Suicide has become the third leading cause of death among young people in the United States. In fact, approximately 4,600 people between the ages of 10 and 24 take their own lives each year.
In most instances, teen suicides are linked to bullying, peer pressure, emotional neglect and domestic abuse, but people fail to realize that this state of mind does not develop overnight. It starts out as a lingering thought in the back of the head and remains that way until someone hits rock bottom.
As scary and unnerving as it is, experts believe suicide among teens is mostly preventable, which is why a young North Dakota girl is trying to spread some positivity around her school where only a year ago, a 16-year-old had committed suicide.
Desi Frith, a student at Devils Lake High School, is on a mission to help lift the spirits of her peers and remind them that they're loved and supported – and she is doing it with some colorful notes, a pen and a lot of good intentions.
“If they are going through something hard, and then they see one of them, it shows that somebody cares,” the 17-year-old explained. “I got a bunch of sticky notes, and I started putting them up the first week of school, and then I do it once a week.”
It all started after her classmate Kristopher Curtis committed suicide. Although Frith didn’t know him very well, she was affected by his death just days before the last school year began and desperately wished she could have helped him with whatever he was going through.
“He seemed down and I never said anything, and so I felt really bad about that,” she recalled.
She hopes to help others, and spends an hour and a half after school each week, writing hundreds of inspirational messages to fellow students and leaving them on lockers or walls where anyone might see them.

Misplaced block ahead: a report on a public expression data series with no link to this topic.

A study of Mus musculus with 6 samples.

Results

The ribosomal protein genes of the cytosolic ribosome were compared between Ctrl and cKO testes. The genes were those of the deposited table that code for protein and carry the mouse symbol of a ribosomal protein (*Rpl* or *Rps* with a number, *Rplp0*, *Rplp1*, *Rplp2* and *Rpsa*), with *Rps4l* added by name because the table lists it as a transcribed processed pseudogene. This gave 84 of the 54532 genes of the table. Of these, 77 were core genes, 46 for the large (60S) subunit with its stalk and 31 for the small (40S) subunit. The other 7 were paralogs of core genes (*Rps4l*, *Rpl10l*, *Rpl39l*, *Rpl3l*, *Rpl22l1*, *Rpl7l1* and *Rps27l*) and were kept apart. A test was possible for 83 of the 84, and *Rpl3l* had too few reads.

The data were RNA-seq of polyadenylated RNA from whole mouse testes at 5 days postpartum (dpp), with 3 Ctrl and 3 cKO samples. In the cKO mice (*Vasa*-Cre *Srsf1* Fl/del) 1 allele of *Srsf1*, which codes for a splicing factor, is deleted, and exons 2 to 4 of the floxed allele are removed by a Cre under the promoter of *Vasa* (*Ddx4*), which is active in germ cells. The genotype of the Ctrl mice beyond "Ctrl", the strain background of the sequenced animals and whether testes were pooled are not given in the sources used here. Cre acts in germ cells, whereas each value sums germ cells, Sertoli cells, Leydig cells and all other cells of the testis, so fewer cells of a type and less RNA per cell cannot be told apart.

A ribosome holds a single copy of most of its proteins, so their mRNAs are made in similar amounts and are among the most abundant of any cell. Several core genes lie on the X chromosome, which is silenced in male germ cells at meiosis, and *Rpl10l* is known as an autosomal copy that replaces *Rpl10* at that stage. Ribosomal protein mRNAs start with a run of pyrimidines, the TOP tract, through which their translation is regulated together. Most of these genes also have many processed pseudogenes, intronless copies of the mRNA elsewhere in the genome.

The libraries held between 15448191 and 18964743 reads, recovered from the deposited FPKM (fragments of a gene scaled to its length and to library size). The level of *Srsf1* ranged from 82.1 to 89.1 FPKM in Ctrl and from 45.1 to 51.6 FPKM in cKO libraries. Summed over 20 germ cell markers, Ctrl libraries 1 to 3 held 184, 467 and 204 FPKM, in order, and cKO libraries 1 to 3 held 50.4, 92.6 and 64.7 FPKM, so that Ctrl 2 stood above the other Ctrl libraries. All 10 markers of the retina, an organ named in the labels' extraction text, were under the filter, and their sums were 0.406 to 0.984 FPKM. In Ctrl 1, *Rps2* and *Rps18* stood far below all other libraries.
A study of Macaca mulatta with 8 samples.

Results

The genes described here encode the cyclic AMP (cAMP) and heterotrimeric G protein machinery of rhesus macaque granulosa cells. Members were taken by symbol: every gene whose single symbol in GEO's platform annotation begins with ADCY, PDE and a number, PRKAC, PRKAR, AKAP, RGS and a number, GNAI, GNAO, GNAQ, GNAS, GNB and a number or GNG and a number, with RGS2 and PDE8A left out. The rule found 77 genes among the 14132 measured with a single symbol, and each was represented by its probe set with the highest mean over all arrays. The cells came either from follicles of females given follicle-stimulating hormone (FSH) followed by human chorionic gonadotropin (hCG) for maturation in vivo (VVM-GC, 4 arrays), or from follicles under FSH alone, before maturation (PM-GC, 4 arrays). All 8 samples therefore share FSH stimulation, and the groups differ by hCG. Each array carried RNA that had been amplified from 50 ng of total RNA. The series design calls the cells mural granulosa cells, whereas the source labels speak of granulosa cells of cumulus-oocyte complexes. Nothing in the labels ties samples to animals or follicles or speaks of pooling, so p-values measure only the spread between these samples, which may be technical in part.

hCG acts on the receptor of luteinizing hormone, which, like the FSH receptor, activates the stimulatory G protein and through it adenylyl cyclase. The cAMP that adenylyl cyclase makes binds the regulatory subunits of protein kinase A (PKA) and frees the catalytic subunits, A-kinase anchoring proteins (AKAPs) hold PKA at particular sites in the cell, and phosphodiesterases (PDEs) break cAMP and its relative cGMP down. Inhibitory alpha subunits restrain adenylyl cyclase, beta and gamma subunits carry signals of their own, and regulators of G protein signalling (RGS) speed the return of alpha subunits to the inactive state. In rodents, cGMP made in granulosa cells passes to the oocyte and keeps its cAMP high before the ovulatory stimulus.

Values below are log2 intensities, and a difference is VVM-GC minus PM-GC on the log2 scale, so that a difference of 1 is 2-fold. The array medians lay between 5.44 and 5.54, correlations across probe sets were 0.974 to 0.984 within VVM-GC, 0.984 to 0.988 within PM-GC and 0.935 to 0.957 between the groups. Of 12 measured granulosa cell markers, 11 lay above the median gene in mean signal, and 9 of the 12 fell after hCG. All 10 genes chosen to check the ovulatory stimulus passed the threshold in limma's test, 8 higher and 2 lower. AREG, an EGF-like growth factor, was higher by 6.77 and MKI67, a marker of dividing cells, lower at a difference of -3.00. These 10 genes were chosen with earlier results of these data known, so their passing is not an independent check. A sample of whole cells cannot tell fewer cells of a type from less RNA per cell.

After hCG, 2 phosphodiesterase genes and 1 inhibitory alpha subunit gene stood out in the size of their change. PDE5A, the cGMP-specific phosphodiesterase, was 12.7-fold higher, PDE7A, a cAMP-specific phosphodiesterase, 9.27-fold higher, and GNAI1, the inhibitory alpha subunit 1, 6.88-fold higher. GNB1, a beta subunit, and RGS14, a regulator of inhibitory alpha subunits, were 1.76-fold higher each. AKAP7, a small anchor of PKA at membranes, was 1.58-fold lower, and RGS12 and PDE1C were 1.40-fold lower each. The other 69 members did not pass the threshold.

“As long as it was making them happy in their day that's all that mattered,” Frith said, adding that she is not putting up these notes for any type of appreciation or fame. She doesn't even care if students know who's leaving the notes because her main concern is to remind others that they should be proud of themselves.
Her notes comprise of messages like, “You’re special,” You are loved” and “Stay strong and never give up” – something that has resonated with the students very well. They have not only thanked her for her kind words, they believe her comments brighten their lives.
Frith, currently in her junior year, plans to keep writing these messages until she graduates.
Scientific evidence suggests most people who take their own life have a diagnosable mental or substance abuse disorder, which means isolation or loneliness can trigger the symptoms considerably.
Frith’s kind deed just goes to show that there is always someone out there trying to make the world a better place, and she might even save lives by being an inspiration for other kids her age.